2 June 2004
The intense pressure being placed on estuaries from increased human use will be among the topics discussed at an international conference hosted by Southern Cross University (SCU) from June 20.

It is the first time a joint Estuarine and Coastal Sciences Association (ECSA) and Estuarine Research Federation (ERF) conference has been held outside of the United States or Europe and it is expected to attract more than 250 delegates from around the world.

The chair of the conference, Associate Professor Bradley Eyre, said SCU, through the School of Environmental Science and Management, had been invited to host the conference because it was a leader in the field of estuarine research and management in Australia.

Dr Eyre said the conference, titled ‘Estuaries and Change’, was not only for scientists, but for anyone with an interest in estuaries, such as local councils. The conference will have a mix of scientific and management sessions to help understand the problems facing Australia’s and the world’s estuaries, and also to find solutions.

He said global change, of which climate change was just one factor, was one of the most pressing environmental issues facing the world.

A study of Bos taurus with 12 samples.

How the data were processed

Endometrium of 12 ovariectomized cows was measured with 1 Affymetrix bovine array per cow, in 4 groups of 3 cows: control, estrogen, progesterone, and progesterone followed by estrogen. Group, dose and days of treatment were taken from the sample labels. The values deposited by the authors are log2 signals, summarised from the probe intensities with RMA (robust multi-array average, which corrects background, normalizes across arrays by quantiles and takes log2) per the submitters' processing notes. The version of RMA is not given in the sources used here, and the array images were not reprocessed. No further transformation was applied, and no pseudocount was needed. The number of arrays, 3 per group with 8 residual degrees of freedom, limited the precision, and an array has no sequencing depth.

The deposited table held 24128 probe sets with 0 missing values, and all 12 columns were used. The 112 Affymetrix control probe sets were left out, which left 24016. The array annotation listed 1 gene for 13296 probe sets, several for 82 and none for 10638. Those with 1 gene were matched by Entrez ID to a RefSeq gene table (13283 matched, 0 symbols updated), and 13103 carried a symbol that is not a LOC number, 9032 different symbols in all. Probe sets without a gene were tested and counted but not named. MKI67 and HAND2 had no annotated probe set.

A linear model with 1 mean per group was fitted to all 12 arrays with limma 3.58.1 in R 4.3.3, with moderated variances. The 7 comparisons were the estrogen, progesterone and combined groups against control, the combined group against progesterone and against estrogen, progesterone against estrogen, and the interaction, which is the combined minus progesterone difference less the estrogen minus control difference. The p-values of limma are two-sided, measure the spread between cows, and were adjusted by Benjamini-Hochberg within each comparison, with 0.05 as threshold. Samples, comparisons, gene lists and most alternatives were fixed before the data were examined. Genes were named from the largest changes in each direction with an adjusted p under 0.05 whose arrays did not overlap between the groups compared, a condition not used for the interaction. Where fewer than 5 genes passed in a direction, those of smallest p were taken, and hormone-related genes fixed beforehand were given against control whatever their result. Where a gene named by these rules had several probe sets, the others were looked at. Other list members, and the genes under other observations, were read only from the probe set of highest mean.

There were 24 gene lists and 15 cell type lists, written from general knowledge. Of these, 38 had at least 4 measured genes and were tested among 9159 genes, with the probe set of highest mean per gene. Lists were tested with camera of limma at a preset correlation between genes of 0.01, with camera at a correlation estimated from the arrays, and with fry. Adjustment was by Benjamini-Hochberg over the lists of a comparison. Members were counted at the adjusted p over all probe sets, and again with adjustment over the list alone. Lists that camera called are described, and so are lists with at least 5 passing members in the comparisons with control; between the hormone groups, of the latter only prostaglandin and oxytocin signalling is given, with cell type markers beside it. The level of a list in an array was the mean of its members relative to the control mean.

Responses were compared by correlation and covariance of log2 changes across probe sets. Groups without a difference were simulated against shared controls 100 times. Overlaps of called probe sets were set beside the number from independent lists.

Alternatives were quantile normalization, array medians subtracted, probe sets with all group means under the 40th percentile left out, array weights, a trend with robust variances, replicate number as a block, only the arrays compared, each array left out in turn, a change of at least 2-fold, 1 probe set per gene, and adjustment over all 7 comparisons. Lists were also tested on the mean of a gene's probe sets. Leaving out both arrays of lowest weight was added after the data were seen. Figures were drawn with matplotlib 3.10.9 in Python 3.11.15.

“No where is this change being seen more than estuaries. Located at the boundary of the land, sea and atmosphere, estuaries are affected by changes occurring in all three adjacent systems,” Dr Eyre said.

However, one of the most difficult tasks facing estuarine scientists was determining what was ‘natural’ change and what was being caused by human use.

The conference will focus on polar through to tropical estuaries and include topics such quaternary evolution, morphology, ICOLLs, wetlands, biogeochemistry, phytoplankton, zooplankton, macrofauna, contaminants, chemical tracers, acid sulphate soils, new instrumentation and methods, mangroves, seagrasses, fisheries, freshwater flow allocation and management.

“Australia is in a unique position because we have tropical estuaries right through to polar estuaries. We have around 1000 estuaries and a lot of them are in pristine condition because of Australia’s low population.

“We have an opportunity to do something about our estuaries before they end up degraded like those in the heavily urbanised areas of Europe and the US.”

The plenary speakers for the conference are: Professor Michael Kemp, University of Maryland, US; Professor Robert Twilley, University of Louisiana, US; Associate Professor Ronnie Glud, University of Copenhagen, Denmark; Professor Victor de Jonge, University of Groningen, Netherlands; and Professor Mike Elliot, University of Hull, UK.

The conference will be held at the Ballina Conference Centre, Ballina RSL, from June 20 to 24. For information visit the website:

Media contact: Brigid Veale, SCU Media Liaison, 66593006 or m. 0439 680 748.